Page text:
Funding for area prisons sought


Published: Saturday, January 29, 2005 at 6:01 a.m.
Last Modified: Saturday, January 29, 2005 at 12:35 a.m.
The state prison system is asking for a $125 million budget increase from the state Legislature to pay for construction projects that would add about 6,000 new inmate beds in northern Florida.
According to Department of Corrections spokesman Sterling Ivey, Gov. Jeb Bush's proposed 2004-2005 budget includes increasing the prison system's budget from the $2.1 billion in the current fiscal year to $2.2 billion. The increase would be for additional construction spending.
If approved, the construction would push the number of state prison beds to 91,165 when the work is all completed.
Ivey said the current fiscal year budget already has some construction money in it and when added to the proposed increase, the department plans to do the following:
  • Columbia Correctional Institution in Columbia County - requesting $16.3 million as part of a multi-year, $29.7 million project to construct a 788-bed annex scheduled to be completed in October 2006.
  • Lowell Correctional Institution (for women) in Marion County - requesting $8.6 million for a 320-bed annex scheduled to be completed in January 2007; and requesting $6 million of $11.4 million needed for a 262-bed work camp scheduled to be completed in June 2007.
  • Proposed prison in Suwannee County - requesting $45 million as part of a multi-year $82.9 million project to construct a 2,022-bed prison scheduled to be completed in March 2008.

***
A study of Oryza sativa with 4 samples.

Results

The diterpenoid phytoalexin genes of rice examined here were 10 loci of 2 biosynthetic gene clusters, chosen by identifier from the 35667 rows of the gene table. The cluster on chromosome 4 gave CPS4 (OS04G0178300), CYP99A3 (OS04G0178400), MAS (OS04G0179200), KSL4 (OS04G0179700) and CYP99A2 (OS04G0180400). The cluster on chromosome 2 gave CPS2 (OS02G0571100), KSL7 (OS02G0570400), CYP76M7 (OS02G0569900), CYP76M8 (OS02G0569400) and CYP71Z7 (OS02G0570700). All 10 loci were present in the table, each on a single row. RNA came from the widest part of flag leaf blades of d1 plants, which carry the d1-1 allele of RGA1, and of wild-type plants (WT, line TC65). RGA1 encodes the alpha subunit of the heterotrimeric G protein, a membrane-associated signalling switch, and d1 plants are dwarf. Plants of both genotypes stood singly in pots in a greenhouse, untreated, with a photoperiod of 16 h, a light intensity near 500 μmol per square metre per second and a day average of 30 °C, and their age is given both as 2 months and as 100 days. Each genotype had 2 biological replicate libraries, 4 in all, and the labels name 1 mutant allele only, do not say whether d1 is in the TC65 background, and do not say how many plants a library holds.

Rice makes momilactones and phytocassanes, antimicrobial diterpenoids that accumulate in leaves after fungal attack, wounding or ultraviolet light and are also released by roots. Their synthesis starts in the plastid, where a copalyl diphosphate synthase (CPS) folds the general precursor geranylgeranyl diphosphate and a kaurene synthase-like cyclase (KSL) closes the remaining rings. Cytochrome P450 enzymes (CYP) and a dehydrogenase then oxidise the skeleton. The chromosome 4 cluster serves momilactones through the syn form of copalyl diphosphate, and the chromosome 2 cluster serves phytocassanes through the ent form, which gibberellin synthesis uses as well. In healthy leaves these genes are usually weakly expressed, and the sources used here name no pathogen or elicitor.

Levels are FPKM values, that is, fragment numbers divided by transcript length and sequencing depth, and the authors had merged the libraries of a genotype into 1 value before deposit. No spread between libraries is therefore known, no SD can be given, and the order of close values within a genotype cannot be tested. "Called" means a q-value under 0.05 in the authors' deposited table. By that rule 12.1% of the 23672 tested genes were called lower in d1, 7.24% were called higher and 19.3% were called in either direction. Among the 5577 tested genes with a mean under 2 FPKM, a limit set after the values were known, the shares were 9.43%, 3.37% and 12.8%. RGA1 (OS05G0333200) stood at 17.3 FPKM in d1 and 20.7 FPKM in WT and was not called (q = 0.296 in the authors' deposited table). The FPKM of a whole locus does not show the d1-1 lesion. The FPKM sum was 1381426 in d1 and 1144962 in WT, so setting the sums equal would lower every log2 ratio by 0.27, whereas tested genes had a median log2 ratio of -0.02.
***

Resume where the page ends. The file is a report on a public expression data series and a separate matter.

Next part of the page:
• Taylor Correctional Institution in Taylor County - requesting $1.3 million to complete construction and pay one-time startup costs for a 524-bed work camp expected to be open in February 2006 at a total cost of $6.2 million.
  • Reception and Medical Center in Union County - requesting $6.8 million to construct a 524-bed work camp.
  • Wakulla Correctional Institution in Wakulla County (west of Tallahassee) - requesting $49 million as part of a $69 million multi-year project to add a 2,022-bed annex scheduled to be completed in August 2007.
    The most controversial of the projects is the one in Suwannee County.
    Plans call for the prison to be built on 300 state-owned acres about nine miles east of Live Oak and about a mile and a half west of Wellborn along U.S. 90 in an area that is mostly pasture land and planted pines. The new prison is expected to create 305 jobs with an annual payroll of about $13.7 million.
    When the prison was first proposed for the rural county in the early 1990s, concerns were raised by Save Our Suwannee, an environmental protection group. Sven Lindskold was president of the organization at the time.
    "Our concern was that the wetland regulations were inadequate and they have not changed," Lindskold said. "The site for the prison is right on wetlands that are the headwaters of Rocky Creek, which is a little creek that heads north from U.S. 90 to the Suwannee River. These are strategically placed wetlands that need to be preserved."
    County and state officials have countered the argument by pointing out that the land development regulations and comprehensive land use plan allow for building a prison in the area.
    If the state goes ahead with the Suwannee prison plan, only four of Florida's 67 counties will not have some type of state prison - Citrus, Flagler, Seminole and St. Johns counties.
    Karen Voyles can be reached at (352) 486-5058 or voylesk@gvillesun.com.